Last week President Abdullah Gül visited the Netherlands to mark the official start of the celebrations of 400 years of Turkish-Dutch trade and diplomatic relations. The visit got a lot of attention in the media and was considered successful by most observers.
The Dutch government did their utmost to show respect for the new economic and diplomatic powerhouse called Turkey, the queen spent several days with the president and offered an impressive state banquet, and I am sure many useful contacts were established between business people from both countries.
But there was always this dark cloud hanging over the three-day event: the vocal objections against close Dutch-Turkish ties by Geert Wilders, the leader of the extreme-right Freedom Party that supports the center-right government of Prime Minister Mark Rutte. Before and during the visit, Mr. Wilders, as expected, did his utmost to irritate the Turkish delegation by scolding and insulting them, creating an uncomfortable feeling among both the Turkish guests and the Dutch hosts.
The real surprises started the moment President Gül left the Netherlands on Thursday after having visited the most southern region of the country, Limburg. During that trip, the queen and the president met with the regional government that consists of the People’s Party for Freedom and Democracy (VVD), the Christian Democrats and the Freedom Party. The two representatives of Mr. Wilders’ party decided in the end to join the dinner although they first refused to do so because of the presence of President Gül. Their ambivalent behavior created a lot of resentment among their colleagues from other parties and a row inside their own party. One day later on Friday, the Christian Democrats in Limburg all of a sudden announced that they were fed up with this kind of maneuvering by Mr. Wilders’ regional mouthpieces. Their tomfoolery had damaged the image of the region and offended the visitors from Turkey. Without further ado, the Freedom Party was kicked out of the regional government, the only one in which the populists were represented anyway.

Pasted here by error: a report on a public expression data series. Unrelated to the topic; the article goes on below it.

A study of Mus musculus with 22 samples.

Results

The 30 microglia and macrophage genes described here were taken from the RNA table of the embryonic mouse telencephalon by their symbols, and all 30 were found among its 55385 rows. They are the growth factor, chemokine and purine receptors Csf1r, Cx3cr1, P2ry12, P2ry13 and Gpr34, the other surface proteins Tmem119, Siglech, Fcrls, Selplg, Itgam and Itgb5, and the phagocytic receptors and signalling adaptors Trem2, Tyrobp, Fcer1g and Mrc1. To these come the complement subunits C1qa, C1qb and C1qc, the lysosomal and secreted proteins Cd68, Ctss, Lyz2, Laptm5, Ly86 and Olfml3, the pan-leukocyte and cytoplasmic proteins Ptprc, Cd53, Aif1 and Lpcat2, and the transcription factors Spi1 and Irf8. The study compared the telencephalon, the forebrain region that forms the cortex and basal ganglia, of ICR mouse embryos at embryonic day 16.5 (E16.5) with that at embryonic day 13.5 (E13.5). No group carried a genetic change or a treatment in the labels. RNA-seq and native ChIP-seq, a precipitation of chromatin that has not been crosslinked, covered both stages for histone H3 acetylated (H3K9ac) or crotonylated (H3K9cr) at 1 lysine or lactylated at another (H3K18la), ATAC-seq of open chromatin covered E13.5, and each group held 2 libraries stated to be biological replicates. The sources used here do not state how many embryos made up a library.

One day later, their farewell to power went into overdrive when Mr. Wilders unexpectedly walked out of negotiations intended to formulate budget cuts that are necessary to meet European budget deficit standards. It meant the governing coalition had lost its majority in parliament and on Monday Prime Minister Rutte was forced to tender his resignation. Within two days, Mr. Wilders lost his place at the table, both regionally and nationally.
It has created an extremely complicated situation in the Netherlands. New elections are unavoidable, be it in June or after the summer holidays, in September. But in the meantime, the Netherlands are still expected to present a draft budget to the European Commission in Brussels shortly that indicates which budget cuts and reforms the Netherlands are planning to introduce to be able to stay below the maximum 3 percent budget deficit in 2013. The irony is that it was the Netherlands -- together with Germany -- that pushed for this very tough and inflexible European standard some months ago, having in mind struggling southern eurozone member states such as Italy and Spain. Now the Dutch are in danger of falling into their own trap. How to comply with the criteria for a sound 2013 budget when there is no majority in parliament willing to support such a proposal until after elections and the establishment of a new government?
Back to President Gül’s visit and the remarkable sequence of events that followed his stay in the Netherlands. During the weekend, several Dutch anti-Wilders columnists and bloggers made a link between Mr. Wilders’ provocations of the Turkish president and his fall from grace. Many thanked Gül for his visit and expressed their hope that he would come back soon because they appreciated the political fall-out of this visit very much. Apparently, one visit of his arch enemy was enough to create insurmountable problems for Mr. Wilders. Others referred to the poisonous impact of Turkey on Mr. Wilders’ career. Firstly, he left the VVD in 2004 to form his own party because he strongly disagreed with the liberal pro-Turkish EU membership position. Secondly, his efforts to spoil the 400 years of Turkish-Dutch relations celebrations completely backfired. It was not Gül who was damaged, but it was Wilders himself who was seriously injured. Some would call it divine justice.
Finally, with a strong humoristic undertone, one well-known commentator concluded that one should not mess around with the Turks. You see what happens when you do. Mr. Wilders’ downfall can be perceived as the ultimate revenge of Abdullah Gül.